More chores for women further tilts the gender gap

Gender Gap
Visual: Collected

"My husband says not to look for work too far from home since I have to do the household work as well and asks me to wait." Mita (not her real name) went on to express her frustration by saying, "If this pandemic hadn't arisen, I would have surplus money to spend on my kids, I would've had a job." Mita is a 32-year-old former garments factory worker whom we interviewed as part of a project to understand the gendered experience of Covid-19 in Bangladesh. Mita left her job during the pandemic, and when she did start looking for jobs again, she had much fewer options because of her husband's specific instructions.

A harsh fact of the pandemic is that it did not affect all groups of society equally. Women lost out on growth and employment opportunities because they are having to shoulder the heavier share of the domestic burden.

With the closure of public and private educational institutes, offices and transportation at different times during the pandemic, the labour market was disrupted for all. However, the pandemic induced an economic downturn which imposed a double burden for women.

In Bangladesh, nearly 31 percent of the informal workforce has female employees. People who worked in informal sectors lost their jobs without any prior notice and were the most impacted. Multiple studies from around the globe indicated women's careers were adversely affected even if they were able to retain their jobs and there was a trend of women decreasing their work hours during the pandemic.

We hoped, seeing how stressful household responsibilities are first hand, being exposed to the full extent of it—men would begin to do their fair share. But they continued letting the women of the house pick up their slack. As a result, household responsibilities increased more for women compared to pre-lockdown. To explore this, we interviewed 28 female respondents and 12 male respondents in Bangladesh asking about specific effects of Covid-19 on their household responsibilities and whether there was a gendered dimension to these impacts. We found three recurring themes.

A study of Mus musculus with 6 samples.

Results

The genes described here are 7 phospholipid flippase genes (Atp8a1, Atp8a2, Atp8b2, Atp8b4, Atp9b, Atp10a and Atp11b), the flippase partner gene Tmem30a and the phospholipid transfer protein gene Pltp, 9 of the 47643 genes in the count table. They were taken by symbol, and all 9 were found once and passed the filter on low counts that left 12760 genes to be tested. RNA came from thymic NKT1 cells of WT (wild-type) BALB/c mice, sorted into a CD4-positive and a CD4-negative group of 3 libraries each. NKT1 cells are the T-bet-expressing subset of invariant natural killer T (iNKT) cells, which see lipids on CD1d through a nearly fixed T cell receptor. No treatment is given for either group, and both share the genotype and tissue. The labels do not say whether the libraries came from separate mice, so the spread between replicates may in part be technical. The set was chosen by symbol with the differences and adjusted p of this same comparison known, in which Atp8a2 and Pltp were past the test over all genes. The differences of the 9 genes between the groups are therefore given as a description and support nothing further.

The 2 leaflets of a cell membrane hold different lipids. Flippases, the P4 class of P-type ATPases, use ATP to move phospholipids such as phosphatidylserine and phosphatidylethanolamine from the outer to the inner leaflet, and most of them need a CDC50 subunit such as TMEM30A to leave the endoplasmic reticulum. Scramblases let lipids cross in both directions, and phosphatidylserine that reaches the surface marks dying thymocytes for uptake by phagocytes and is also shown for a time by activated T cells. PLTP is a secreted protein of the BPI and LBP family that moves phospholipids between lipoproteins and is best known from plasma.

The first, families in patriarchal societies have unequal distribution of labour, with the majority of the women having double the work pressure within the household compared to men. For example, Yamin Begum, a 41-year-old housemaid, mentioned increased household workload during Covid by saying: "Yes, during the lockdown the work pressure increased. I had to boil water several times a day. I had to keep things clean a lot—with soap and water and made sure everyone washed their hands. I had to make food for everyone as well."

This was not an anomaly as 21 out of 28 of our female respondents stated that the pandemic and the initial lockdown have led to a multitude of challenges for them, including increased household work due to the extra precautions they had to take because of Covid. Even though more family members were staying at home, 16 of our female respondents mentioned that they had no additional help during this time. The other 12 female respondents got additional help from the other family members who are female.

The second theme was the perception of men about household work being less strenuous than their work and the overriding belief that the household chores are an integral part of women's everyday life and should not be considered as a burden. Men typically think household work should be done by women, as they have always seen women spending most of their time taking care of household responsibilities. A 32-year-old tea stall owner from Kallyanpur said: "There is less pressure in housework. My work needs more energy."

The third theme was women themselves preferred for their husbands and sons to not get involved in household chores. Some of our female respondents opined that they are not used to their husband's assistance inside the kitchen or in the regular household chores.

"Have you ever seen men working in the kitchen? Never! Even though now I have a little pressure due to the lockdown, these jobs (cooking, washing, cleaning, and taking care of the house) are my responsibilities. I cannot ask my husband to do this. My mother, my mother-in-law never did this, how can I?" laughed 46-years-old Nasrin, who lives in Agargaon slum in Dhaka city.

Our findings confirmed the notion that women tend to take on more household duties than the men, and that for many women, the lockdown brought on an increased burden of responsibilities. Surprisingly, many women had to put up with this increased workload without any kind of support and that led to their low-income recovery.

Despite our shared sense of gender progress in Bangladesh, lots need to be done to bring gender equality within the household domain. These findings are direct indicators that must sway the policymakers to take into consideration the unfair distribution of domestic labour and the unpaid care labour when drafting policy responses for Covid and future pandemics.


Amal Chowdhury is a research assistant at the Brac James P Grant School of Public Health, Brac University.